News from South Australia that Australia’s fifth potential operational mine has gotten past regulatory approvals and will start production by 2014 has made for an interesting intersection of uranium-related news.

First, the 25%/75% respective joint venture between Alliance Craton Explorer, a 100% owned subsidiary of  Alliance Resources (ASX: AGS), and Quasar Resources to develop the Four Mile uranium project has moved to the next stage of becoming a real producing mine by getting the last of government and regulatory approvals completed.

The SA Minister of Mineral Resources and Energy stated, “The $110 million Four Mile project, the most significant uranium discovery anywhere in the world in the past quarter century, is ready to go.”

The mine will become the fifth approved operational mine in all of Australia, and the fourth of the five to be located in South Australia. The others are Olympic Dam, owned by BHP Billiton (ASX: BHP); Beverley, owned by Heathgate Resources; Honeymoon, owned by Uranium One (TO: UUU); and Ranger, owned by Energy Resources of Australia (ASX: ERA), which is part owned itself by Rio Tinto (ASX: RIO)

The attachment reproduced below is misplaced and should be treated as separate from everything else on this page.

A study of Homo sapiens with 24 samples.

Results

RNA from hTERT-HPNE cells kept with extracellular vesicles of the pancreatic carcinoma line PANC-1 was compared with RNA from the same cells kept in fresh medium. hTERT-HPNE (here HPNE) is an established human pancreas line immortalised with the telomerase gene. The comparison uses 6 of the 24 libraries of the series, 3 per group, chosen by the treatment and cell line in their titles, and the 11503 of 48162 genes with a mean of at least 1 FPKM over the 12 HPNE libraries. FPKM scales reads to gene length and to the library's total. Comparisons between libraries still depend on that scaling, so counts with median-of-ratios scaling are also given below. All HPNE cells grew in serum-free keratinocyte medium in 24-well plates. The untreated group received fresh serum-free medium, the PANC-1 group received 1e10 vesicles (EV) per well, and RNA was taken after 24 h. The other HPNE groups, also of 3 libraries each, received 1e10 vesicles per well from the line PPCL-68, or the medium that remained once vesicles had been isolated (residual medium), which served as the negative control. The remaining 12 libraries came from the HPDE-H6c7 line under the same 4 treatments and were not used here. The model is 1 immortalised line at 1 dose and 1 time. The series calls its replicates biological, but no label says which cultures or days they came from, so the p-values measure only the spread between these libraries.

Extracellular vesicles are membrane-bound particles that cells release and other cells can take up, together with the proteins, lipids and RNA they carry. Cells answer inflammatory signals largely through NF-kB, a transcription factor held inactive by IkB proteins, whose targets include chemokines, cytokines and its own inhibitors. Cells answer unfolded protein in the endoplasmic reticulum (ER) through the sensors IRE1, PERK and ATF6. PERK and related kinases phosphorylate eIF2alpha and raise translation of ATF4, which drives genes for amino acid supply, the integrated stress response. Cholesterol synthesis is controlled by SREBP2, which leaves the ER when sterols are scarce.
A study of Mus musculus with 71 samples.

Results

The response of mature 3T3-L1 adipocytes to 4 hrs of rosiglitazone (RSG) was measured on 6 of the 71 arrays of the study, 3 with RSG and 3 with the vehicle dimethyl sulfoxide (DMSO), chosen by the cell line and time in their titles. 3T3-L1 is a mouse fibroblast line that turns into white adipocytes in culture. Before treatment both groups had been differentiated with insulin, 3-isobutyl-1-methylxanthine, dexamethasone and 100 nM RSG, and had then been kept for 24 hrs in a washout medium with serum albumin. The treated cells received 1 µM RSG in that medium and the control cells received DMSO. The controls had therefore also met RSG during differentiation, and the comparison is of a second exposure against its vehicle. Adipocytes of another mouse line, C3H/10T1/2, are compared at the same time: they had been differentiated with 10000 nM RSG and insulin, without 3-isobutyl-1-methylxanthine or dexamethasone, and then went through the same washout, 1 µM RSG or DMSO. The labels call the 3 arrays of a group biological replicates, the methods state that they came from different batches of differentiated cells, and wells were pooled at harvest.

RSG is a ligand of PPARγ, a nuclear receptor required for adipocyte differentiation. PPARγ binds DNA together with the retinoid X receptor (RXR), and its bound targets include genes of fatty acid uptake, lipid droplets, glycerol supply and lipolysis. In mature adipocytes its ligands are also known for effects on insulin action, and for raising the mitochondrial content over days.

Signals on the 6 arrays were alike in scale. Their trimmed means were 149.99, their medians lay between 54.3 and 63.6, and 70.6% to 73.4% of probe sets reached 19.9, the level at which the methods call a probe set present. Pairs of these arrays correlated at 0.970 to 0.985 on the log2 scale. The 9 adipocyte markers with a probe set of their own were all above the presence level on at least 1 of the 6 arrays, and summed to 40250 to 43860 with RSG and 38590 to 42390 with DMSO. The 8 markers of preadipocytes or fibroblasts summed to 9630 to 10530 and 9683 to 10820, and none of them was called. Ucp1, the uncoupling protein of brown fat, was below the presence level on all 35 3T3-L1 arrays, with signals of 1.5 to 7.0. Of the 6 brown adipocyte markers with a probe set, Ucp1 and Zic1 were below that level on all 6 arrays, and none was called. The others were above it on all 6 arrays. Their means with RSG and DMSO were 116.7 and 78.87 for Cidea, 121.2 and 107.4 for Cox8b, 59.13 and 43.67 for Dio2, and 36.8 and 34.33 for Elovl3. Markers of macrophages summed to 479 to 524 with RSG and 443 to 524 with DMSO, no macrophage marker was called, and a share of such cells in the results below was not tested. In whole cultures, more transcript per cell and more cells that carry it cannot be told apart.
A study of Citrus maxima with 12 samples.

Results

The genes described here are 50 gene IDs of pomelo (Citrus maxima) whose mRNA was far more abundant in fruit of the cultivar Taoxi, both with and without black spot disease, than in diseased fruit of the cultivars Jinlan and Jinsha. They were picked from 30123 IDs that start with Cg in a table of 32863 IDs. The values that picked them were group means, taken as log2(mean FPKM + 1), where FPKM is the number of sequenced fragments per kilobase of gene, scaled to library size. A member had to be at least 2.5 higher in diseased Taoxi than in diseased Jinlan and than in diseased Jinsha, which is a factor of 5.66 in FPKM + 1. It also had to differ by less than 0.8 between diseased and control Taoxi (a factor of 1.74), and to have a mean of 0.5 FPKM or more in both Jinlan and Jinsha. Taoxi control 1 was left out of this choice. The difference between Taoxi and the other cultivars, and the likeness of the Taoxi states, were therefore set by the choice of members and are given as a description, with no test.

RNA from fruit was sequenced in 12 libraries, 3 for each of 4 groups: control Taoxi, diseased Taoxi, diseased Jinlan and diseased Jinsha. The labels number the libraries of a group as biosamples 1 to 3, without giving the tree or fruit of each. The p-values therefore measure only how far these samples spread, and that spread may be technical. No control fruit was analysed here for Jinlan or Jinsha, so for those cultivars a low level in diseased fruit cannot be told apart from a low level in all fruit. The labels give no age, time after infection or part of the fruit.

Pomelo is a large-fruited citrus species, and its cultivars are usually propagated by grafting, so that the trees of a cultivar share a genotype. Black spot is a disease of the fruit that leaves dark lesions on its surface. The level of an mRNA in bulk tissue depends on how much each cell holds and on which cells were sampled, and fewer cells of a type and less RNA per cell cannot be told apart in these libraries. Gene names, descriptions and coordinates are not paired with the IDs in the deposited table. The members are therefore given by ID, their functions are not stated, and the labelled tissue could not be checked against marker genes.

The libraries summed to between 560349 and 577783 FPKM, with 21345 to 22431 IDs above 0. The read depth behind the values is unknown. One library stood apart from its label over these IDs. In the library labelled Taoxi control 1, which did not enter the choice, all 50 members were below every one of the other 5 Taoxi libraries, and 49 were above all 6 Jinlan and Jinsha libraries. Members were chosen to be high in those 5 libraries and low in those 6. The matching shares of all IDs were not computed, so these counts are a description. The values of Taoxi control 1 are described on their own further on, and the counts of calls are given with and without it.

Although Australia contains an estimated 31% of all known world reserves of uranium, it has no active nuclear energy generation industry, and regulatory barriers make starting a mine very long and difficult, as evidenced by the fact that there are only four operational mines at present for the whole country.

South Australia sees itself as the centre and capital of uranium mining, and suggested that in the future more potential mines may get the government go-ahead. The Four Mile mine project is located 10km from the Beverley mine and 300km north of Port Augusta.

The second piece of uranium news is that the Russian nuclear corporation Rosatom, which is buying out Canada’s Uranium One, will soon be the sole owner of the Honeymoon mine mentioned above.

Uranium One announced in August that it projects uranium commodity prices to almost double in a couple of years due to constrained supply of the ore. After the deadly Fukushima nuclear power plant disaster in Japan in 2011, uranium prices from about $70/pound to the current $34/pound, squeezing out high-cost producers from being profitable.

Between 2003-2007, uranium prices rose to as much as $135/pound.

Foolish takeaway

As The Motley Fool reported in August (“Energy Resources Australia deserves a second look“), world uranium demand has slumped temporarily, but countries like China are ramping up their nuclear power generation, and they will need lots of the yellowcake to fuel their needs. Sometimes it’s just simply down to supply and demand.